Nick Coleman's column today was about "crumbling bridge" terminology. Ever since the article in the Strib a few days ago about how current engineering terminology like "structurally deficient" was scaring the public, Spot has been thinking about how the Pepsodent administration would try to soften the blow. Nick Coleman told us how this morning in Faith-based bridges:
The Minneapolis bridge was one of 70,000 "structurally deficient" bridges in the country that Americans have worried about. So government officials are going to make us stop worrying. Not by fixing bridges -- that would cost billions -- but with smoke and mirrors and baloney.
Here's their idea: Change the terms. State highway officials want engineers to stop scaring us with spooky labels. You may have thought it was the sight of cars in the water and crying people trapped under tons of concrete and twisted steel girders that scared us. Nope. It was the terminology.
So our highway departments have rolled up their sleeves and, with American know-how and a "can-do" attitude, have begun a rebranding effort to lull us back to sleep.
No more unpleasant labels such as "structurally deficient." We need something soothing.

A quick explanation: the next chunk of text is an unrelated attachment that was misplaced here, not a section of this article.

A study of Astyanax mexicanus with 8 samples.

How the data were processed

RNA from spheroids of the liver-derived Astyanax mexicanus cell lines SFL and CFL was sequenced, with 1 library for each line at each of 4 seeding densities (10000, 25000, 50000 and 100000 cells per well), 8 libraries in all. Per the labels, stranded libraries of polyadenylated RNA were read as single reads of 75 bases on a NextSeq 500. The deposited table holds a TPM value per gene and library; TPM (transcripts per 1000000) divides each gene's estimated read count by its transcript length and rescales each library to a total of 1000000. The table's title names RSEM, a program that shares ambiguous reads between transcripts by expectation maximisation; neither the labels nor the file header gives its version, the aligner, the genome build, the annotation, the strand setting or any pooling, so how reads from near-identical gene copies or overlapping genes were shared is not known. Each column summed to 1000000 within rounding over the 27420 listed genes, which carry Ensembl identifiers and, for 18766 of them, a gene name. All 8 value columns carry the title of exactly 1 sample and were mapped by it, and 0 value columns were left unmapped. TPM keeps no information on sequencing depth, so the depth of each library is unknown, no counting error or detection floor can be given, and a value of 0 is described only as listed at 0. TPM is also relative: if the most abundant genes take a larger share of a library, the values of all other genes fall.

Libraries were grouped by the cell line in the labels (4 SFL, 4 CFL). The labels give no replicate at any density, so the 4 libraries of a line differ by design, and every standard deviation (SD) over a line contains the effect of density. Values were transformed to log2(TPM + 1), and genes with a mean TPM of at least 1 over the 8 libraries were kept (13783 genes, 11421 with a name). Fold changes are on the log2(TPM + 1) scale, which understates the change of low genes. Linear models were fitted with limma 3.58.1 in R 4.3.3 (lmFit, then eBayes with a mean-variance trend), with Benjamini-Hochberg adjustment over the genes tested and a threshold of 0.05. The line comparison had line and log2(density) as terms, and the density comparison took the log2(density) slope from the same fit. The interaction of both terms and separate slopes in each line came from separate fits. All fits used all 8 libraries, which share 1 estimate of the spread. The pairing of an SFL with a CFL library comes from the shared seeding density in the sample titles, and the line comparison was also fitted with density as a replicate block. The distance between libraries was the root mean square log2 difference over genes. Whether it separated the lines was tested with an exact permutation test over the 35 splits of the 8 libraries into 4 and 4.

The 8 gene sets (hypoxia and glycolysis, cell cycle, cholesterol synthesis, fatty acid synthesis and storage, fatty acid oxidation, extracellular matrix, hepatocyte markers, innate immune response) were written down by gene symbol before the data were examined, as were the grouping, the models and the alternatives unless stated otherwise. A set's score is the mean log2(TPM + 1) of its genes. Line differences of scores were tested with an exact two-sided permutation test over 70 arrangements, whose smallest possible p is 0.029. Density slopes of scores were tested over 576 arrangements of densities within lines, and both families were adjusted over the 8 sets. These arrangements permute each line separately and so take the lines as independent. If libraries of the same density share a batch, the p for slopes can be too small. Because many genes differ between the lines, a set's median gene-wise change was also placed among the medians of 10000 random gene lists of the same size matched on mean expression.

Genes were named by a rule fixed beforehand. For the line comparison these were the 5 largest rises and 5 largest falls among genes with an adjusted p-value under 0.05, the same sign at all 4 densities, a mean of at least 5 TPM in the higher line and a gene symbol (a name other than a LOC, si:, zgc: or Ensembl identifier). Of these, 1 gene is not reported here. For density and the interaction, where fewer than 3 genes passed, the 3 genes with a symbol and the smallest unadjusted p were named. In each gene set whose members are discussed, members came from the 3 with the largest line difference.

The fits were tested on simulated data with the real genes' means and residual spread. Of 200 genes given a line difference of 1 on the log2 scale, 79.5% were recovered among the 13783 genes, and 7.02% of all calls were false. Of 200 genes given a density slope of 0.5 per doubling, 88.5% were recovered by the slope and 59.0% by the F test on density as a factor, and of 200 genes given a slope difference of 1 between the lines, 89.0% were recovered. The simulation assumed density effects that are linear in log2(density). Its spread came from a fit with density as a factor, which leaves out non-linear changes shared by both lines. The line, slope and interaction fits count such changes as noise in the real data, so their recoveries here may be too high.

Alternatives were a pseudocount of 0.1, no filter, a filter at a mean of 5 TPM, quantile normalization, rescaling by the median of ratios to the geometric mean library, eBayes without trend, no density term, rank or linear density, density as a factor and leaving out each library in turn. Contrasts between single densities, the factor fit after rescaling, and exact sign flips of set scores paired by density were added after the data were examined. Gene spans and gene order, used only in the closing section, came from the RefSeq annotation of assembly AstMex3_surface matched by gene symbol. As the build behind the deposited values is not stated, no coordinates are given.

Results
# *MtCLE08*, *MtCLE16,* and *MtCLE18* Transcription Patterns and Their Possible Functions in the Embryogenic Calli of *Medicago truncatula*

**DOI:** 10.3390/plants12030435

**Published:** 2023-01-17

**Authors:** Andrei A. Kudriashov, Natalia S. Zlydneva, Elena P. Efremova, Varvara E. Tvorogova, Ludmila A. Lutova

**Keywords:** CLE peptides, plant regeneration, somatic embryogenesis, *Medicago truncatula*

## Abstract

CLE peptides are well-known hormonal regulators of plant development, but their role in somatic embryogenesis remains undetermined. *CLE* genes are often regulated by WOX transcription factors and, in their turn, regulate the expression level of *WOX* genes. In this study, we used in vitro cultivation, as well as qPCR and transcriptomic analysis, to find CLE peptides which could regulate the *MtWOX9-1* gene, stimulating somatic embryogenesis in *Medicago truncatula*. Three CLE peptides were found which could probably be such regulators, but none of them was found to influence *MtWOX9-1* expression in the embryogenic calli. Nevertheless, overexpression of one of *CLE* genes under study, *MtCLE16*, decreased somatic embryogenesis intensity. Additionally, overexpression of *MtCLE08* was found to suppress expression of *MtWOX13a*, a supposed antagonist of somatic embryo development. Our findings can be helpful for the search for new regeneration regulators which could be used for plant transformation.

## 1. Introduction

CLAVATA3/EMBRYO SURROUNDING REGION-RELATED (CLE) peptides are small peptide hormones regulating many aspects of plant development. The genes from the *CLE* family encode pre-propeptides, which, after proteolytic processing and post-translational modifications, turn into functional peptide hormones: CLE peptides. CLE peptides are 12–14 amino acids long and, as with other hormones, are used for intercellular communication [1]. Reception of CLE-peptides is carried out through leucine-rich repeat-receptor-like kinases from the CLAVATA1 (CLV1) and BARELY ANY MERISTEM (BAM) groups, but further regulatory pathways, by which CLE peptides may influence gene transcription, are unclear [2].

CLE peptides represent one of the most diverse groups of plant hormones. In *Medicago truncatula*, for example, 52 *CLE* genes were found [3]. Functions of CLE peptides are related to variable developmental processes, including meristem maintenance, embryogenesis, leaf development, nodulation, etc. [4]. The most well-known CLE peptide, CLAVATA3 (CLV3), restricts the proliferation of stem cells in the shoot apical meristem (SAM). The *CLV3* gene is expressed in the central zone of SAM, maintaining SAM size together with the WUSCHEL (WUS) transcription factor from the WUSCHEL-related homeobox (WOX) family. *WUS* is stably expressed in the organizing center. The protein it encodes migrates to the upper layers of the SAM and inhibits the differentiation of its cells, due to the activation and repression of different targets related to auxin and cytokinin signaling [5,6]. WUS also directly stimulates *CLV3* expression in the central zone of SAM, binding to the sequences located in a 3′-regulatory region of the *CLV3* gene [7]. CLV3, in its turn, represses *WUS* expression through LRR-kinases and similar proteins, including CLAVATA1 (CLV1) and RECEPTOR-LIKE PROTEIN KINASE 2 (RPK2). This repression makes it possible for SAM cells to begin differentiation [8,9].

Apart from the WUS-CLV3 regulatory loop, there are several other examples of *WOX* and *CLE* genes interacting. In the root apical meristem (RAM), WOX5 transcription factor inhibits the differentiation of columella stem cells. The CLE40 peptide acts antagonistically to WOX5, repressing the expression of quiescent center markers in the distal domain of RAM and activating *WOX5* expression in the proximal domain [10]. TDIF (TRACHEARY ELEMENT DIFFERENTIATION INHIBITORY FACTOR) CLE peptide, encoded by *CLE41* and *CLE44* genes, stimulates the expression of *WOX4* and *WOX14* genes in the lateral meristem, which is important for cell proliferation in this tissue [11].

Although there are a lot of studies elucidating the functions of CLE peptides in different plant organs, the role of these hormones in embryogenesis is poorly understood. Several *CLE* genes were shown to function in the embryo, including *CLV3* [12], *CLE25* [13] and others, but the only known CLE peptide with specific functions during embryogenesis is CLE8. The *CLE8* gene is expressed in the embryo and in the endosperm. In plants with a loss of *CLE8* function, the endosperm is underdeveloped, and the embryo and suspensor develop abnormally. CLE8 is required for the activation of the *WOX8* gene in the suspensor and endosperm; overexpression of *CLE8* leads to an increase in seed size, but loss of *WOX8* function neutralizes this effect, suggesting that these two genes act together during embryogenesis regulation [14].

I suggest calling them "Ready For Rapid Gravity Removal" bridges. That's what happened to our "structurally deficient" bridge. It fell down. And it killed people. Or perhaps I should say, it lowered itself into a river and some citizens were inconvenienced.
Brave leaders, including Gov. Tim Pawlenty and Lt. Gov. Carol Molnau, who also serves as Boss of Highway Construction, have done little more than pose for pictures while avoiding responsibility and robbing money from other overdue and underfunded highway projects to try to pony up the front money for a new I-35W bridge. They can't keep the state highway headquarters from falling down, but they are re-engineering English.
They have priorities.
One brave new wordsmith at MnDOT asked this: If car dealers call used cars "previously owned," why can't we find a term for "structurally deficient" that isn't unpleasant?
And as Nick points out, new terminology is much cheaper than actually fixing the bridges! It's that kind of innovation that will propel Governor Pepsodent far in his quest for national office, or at least a Republican nomination.
Spot was sure he had a John Ralston Saul quotation on the subject in the computer here somewhere, but he can't find it. Maybe later.
Meanwhile, there are interesting developments out here in Cakeville, boys and girls, about which Spot will have more to say later.